Science Fair Project Encyclopedia
About 170-200 species, including:
The plant genus Melaleuca is part of the myrtle family Myrtaceae and presently contains about 170 species. However most experts believe that the addition of presently unnamed or incorrectly named species will result in a total of more than 200 members. Most are endemic to Australia but example occur in the wild as far afield as Indonesia, New Guinea, New Caledonia and even Malaysia.
They are shrubs and trees growing (depending on species) to 2-30 m tall, with flaky, exfoliating bark. The leaves are evergreen, alternately arranged, ovate to lanceolate, 1-25 cm long and 0.5-7 cm broad, with an entire margin, dark green to grey-green in colour. The flowers are produced in dense clusters along the stems, each flower with fine small petals and a tight bundle of stamens; flower colour varies from white to pink, red, pale yellow or greenish. The fruit is a small capsule containing numerous minute seeds.
In the wild, melaleucas are generally found in open forest, woodland or shrubland, particularly along watercourses and the edges of swamps.
Common names of many Australasian genera are inaccurate and unhelpful. In consequence, the best-accepted common name for Melaleuca is simply melaleuca; however most of the larger species are also known as paperbarks, and the smaller types as honey myrtles. Some melaleucas are used in the manufacture of an essential oil called tea tree oil and called "tea trees", which is confusing, as "tea tree" has also been used for several other plants, including Leptospermum, a related and superficially similar-looking genus.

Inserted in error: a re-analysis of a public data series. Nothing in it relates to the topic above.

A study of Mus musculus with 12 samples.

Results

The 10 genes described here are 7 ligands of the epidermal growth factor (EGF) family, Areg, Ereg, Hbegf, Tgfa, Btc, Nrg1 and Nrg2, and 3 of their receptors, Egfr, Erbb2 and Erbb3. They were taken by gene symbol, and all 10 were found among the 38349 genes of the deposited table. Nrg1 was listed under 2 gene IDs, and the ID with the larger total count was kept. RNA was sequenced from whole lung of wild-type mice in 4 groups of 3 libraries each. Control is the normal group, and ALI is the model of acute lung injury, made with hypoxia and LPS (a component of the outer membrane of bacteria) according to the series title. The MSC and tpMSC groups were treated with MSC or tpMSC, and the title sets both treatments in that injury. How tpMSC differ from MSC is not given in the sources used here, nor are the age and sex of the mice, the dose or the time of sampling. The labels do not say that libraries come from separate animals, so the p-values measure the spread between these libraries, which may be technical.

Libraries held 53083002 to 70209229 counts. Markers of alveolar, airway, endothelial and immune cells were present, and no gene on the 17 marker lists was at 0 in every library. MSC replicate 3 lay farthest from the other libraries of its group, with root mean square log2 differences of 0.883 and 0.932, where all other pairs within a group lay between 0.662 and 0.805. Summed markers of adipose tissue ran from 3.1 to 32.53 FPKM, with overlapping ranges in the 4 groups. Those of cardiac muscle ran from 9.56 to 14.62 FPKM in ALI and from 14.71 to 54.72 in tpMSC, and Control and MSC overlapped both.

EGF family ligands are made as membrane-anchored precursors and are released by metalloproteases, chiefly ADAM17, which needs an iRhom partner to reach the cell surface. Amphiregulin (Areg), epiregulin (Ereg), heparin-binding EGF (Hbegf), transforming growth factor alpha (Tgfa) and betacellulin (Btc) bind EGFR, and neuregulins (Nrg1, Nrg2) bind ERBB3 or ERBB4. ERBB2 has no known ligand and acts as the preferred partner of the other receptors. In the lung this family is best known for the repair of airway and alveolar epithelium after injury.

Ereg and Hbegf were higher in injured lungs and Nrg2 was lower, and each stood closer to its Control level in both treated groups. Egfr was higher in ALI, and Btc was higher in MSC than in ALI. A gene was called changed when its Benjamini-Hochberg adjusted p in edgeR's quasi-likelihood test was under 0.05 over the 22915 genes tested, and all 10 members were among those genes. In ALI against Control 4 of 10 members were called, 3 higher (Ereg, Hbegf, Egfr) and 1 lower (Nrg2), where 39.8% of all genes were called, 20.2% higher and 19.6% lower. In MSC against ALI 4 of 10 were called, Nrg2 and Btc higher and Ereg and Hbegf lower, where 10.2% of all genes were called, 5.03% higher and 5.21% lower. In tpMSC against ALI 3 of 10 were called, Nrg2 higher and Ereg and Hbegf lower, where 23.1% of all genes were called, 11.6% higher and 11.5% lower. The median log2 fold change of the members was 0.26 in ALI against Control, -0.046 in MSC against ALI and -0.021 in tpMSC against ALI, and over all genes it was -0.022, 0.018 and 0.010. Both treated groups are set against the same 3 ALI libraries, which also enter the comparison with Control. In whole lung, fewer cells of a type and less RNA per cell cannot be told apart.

Scientific studies have shown that tea tree oil made from Melaleuca alternifolia is a highly effective topical antibacterial and antifungal, although it may be toxic when ingested internally in large doses or by children. In rare cases, topical products can be absorbed by the skin and result in toxicity.
- Takarada K et al., 2004. A comparison of the antibacterial efficacies of essential oils against oral pathogens. Oral Microbiol. Immunol. 19 (1): 61-64.
- Hammer KA et al., 2003. Susceptibility of oral bacteria to Melaleuca alternifolia (tea tree) oil in vitro. Oral Microbiol. Immunol. 18 (6): 389-392.
- Hammer KA et al., 2003. Antifungal activity of the components of Melaleuca alternifolia (tea tree) oil. J. Appl. Microbiol. 95 (4): 853-860.
- Oliva B et al., 2003. Antimycotic activity of Melaleuca alternifolia essential oil and its major components. Lett. Appl. Microbiol. 37 (2): 185-187.
- Mondello F et al., 2003. In vitro and in vivo activity of tea tree oil against azole-susceptible and -resistant human pathogenic yeasts. J. Antimicrob. Chemother. 51 (5): 1223-1229. Epub 2003 Mar 28.